Growing up, my parents instilled in me the belief that I could achieve any goal that I was called to pursue. I am the youngest of three girls, and my parents were very aware that they were raising women in a world often dominated by men. But rather than letting that intimidate us, they empowered us. Both my father and my mother assured this once-young girl that there was nothing out of reach for me.
Sometimes I wondered why they would keep reinforcing this message. From an early age I had just assumed that both girls and boys could do, and could be, whatever they wanted. It was only when I was older that I observed women weren’t always afforded the same opportunities as men. I then understood that, as a woman, I had to make a special effort to follow their advice, to stand up for myself, and to openly express my concerns and opinions. And I learned too that it was equally important to always do so in a spirit of love and friendship – to build bridges, rather than tear down relationships.
My husband and I have been blessed with four children, two boys and two girls. While we love each of them equally of course, we are well aware that our girls will face unique challenges as they navigate their way through the world. To equip them to be successful and responsible citizens, we look first and foremost to our faith. From Deborah and Miriam, to Jael, Esther, and a host of others, the Bible is filled with stories of women leading and defending their people.
But we also look to the wonderful example set by my parents in raising my sisters and me – and to the values embodied by the society and institutions of the country where we live: Israel.
We feel blessed to be raising our daughters here. Israel has long offered her female citizens – regardless of ethnicity or religion – fundamental freedoms like the right to vote, freedom of speech, equal access to education and the workplace, and no special restrictions on dress. In Israel, women are protected by law from discrimination. In fact, Israel’s Declaration of Independence grants “all Israel’s inhabitants equality of social and political rights irrespective of religion, race, or gender.”
In 1951, three years after declaring statehood, Israel passed legislation guaranteeing women the right to live in dignity by providing equality in work, education, health, and social welfare. According to a policy adopted by Israel’s Ministry of Education, the state’s schools are required to provide equal opportunities for members of both sexes and introduce programs designed to encourage a culture of gender equality. Dozens of women have served in the Knesset (Israel’s parliament), and when she was elected in 1969, Prime Minister Golda Meir was Israel’s first and the world’s third female prime minister.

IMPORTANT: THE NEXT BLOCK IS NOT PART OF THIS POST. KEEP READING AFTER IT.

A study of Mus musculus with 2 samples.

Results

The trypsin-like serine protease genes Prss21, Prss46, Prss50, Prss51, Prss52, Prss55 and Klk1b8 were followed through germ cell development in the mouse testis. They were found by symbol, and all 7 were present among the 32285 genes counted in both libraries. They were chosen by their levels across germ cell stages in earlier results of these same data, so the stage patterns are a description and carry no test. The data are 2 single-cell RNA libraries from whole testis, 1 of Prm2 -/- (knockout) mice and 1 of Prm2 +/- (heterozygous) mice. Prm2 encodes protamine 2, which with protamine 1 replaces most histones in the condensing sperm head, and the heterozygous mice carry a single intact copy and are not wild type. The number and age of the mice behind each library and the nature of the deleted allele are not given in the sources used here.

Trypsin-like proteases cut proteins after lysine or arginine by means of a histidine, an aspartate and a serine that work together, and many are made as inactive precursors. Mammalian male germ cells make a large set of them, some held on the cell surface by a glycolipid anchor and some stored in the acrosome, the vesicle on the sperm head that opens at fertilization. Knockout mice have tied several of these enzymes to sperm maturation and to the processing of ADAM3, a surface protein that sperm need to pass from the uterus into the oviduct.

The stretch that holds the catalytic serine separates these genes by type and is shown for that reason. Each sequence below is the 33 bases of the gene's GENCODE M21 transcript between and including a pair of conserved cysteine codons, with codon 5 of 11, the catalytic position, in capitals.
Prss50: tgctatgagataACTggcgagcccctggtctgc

In these and many other ways, Israel stands head and shoulders above many of her neighbors in upholding fundamental human rights and freedoms for women – and stands as one of the great champions of women’s rights in every corner of the globe.
On March 8, the world will mark International Women’s Day, recognizing the contributions of women to our world. As we recognize these achievements, we acknowledge that both data and experience show that we still have a way to go before we reach full equality of opportunity between the sexes. Yet we also have to recognize how far we’ve come. It is hard to imagine that it was only a little over 100 years ago that the U.S. began to grant women the right to vote. Clearly, we have made great strides.
As the head of the International Fellowship of Christians and Jews, I am proud of the programs we support that offer financial, educational, spiritual, and medical assistance to women in need around the world. I’m proud of the fact that we have a diverse staff that includes wonderful people of different ethnicities, nationalities, and faiths, and that we have women filling important roles at all levels of the organization, including at the board and senior leadership levels.
And as a mother, I am grateful that my daughters – and my sons – are growing up in a nation where women can experience all the promises of life and liberty. I hope and pray that one day all countries will embrace these same values, and that not just women’s rights, but full human rights, will be enjoyed by all of God’s children – wherever they happen to live.
Yael Eckstein is the president of the International Fellowship of Christian and Jews. As President of The Fellowship, she also holds the rare distinction of being a woman leading one of the world’s largest, religious not-for-profit organizations, having raised $1.8 billion — mostly from Christians — to assist Israel and the Jewish people. She is the author of the newly released “Generation to Generation: Passing on a Legacy of Faith to our Children.